As Montgomery County’s campaigns for public office heat up, most of the candidates will drape themselves in the banner of “affordable housing.” But what policies they actually stand by are often at odds with what affordable housing really means, especially for renters.
For a small percentage of renters struggling financially, federal subsidies can help. These include Section 8 vouchers and county and state rent subsidies through the rental assistance program that pays part of a tenant’s rent for limited periods, as well as emergency short-term charity subsidies aimed at preventing evictions through a network of nonprofits.
Then there’s the county’s “crown jewel” of affordable rental housing policy: the Moderately Priced Dwelling Unit program. The MPDU rental program requires some properties to set aside 12.5 percent to 15 percent of available units for people whose income does not exceed about 60 percent of area median income.
But preliminary research into these programs finds that only a small percentage of those in need can access them. According to the Housing Opportunities Commission, which manages the region’s Section 8 vouchers, there are about 1,600 voucher-assisted tenants and about 35,000 people on the waiting list.
The assistance programs are temporary, and available for only a small fraction of those who need them. The MPDU program availability, managed by the apartment owners, also suffers from long waiting lists that are not tracked or overseen by the county housing department.
Yet, most candidates’ platforms that support all or part of strengthening these programs emphasize the notion that affordable housing policy should be concerned primarily with the poor and working poor. They ignore, sometimes intentionally, broader policies that protect everyone from unpredictable and excessive rent increases, unjust eviction, poor maintenance and unresponsive building management and lackadaisical building code enforcement.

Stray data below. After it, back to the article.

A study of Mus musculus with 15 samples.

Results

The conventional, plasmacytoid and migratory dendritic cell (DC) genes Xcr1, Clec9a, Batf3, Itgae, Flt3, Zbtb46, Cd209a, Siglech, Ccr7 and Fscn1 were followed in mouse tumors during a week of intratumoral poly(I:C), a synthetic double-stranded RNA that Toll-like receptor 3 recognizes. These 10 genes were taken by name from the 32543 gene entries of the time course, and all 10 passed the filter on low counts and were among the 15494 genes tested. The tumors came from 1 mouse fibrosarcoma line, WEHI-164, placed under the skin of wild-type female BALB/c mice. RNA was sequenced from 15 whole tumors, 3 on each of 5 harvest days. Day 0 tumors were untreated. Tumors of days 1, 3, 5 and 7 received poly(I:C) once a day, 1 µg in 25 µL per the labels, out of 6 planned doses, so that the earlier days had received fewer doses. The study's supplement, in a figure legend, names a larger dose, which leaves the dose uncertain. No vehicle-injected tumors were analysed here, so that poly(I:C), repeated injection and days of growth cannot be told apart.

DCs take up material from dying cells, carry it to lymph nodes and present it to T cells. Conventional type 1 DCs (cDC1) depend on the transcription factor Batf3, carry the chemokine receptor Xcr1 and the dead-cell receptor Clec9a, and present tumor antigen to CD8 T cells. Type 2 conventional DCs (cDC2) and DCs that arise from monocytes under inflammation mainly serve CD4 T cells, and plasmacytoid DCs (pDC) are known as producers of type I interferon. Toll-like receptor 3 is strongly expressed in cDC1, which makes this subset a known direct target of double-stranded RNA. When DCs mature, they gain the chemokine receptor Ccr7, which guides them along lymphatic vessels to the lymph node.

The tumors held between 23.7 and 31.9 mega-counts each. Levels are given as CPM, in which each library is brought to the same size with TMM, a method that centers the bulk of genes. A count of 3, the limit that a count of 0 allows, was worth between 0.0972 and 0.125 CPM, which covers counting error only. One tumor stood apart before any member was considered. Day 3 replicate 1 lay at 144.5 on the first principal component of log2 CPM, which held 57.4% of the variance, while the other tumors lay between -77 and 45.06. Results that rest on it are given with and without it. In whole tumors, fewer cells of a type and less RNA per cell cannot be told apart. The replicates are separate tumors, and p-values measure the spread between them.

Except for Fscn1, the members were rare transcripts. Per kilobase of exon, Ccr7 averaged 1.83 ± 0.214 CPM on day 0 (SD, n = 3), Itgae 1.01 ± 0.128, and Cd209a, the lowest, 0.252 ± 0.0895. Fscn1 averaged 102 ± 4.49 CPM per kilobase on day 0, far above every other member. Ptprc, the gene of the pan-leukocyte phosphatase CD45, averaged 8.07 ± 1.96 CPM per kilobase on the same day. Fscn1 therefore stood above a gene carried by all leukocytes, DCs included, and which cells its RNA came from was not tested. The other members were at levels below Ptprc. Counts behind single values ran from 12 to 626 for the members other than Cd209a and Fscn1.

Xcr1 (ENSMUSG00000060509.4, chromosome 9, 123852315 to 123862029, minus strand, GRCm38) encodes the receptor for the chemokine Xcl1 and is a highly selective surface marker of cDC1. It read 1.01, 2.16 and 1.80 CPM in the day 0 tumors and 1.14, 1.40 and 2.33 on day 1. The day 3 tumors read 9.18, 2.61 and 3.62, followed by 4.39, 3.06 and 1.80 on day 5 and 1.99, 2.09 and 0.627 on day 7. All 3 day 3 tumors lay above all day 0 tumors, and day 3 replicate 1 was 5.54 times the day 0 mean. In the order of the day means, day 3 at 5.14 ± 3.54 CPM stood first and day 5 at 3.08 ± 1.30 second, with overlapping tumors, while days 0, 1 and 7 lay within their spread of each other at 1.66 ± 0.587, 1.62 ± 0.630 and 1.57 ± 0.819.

Today we are facing an unprecedented rental housing crisis in which affordability, stability and quality housing for a majority of renters are severely at risk. Housing costs in Maryland, even when adjusted for inflation, have more than quadrupled since 1940. The house and garden a postal worker could afford in downtown Silver Spring in the 1950s are now within reach of only the upper middle class. According to Harvard’s Joint Center for Housing Studies, more than a third of senior renters are severely cost-burdened, paying more than 50 percent of their household income for rent, and that figure is expected to rise substantially each year as the population of seniors grows and rents increase annually well beyond the reach of those on low and fixed incomes.
Candidates may talk the talk of “affordable housing,” but what the voters must look for is whether they support policies that truly protect and preserve affordability or simply pay lip service to a few programs that help a small percentage of the population while supporting massive public investments that ultimately increase the profits of their biggest donors — the landlord and developer industries.
Serious pro-affordable housing candidates support rent stabilization, just-cause eviction laws that require landlords to justify an eviction, aggressive building code and renters’ rights enforcement and housing court reform so that courts summonses cannot be used as a weapon for landlord retaliation but as a bulwark against it. There are a range of programs to help the poor while building moderately priced housing for our community workforce. But with nearly 40 percent of county residents now living in rental housing, a figure up from about 24 percent in 2008 and still growing, voters need to ask candidates what they really mean by “affordable housing” and what costs we will face by failing to support policies that protect us all.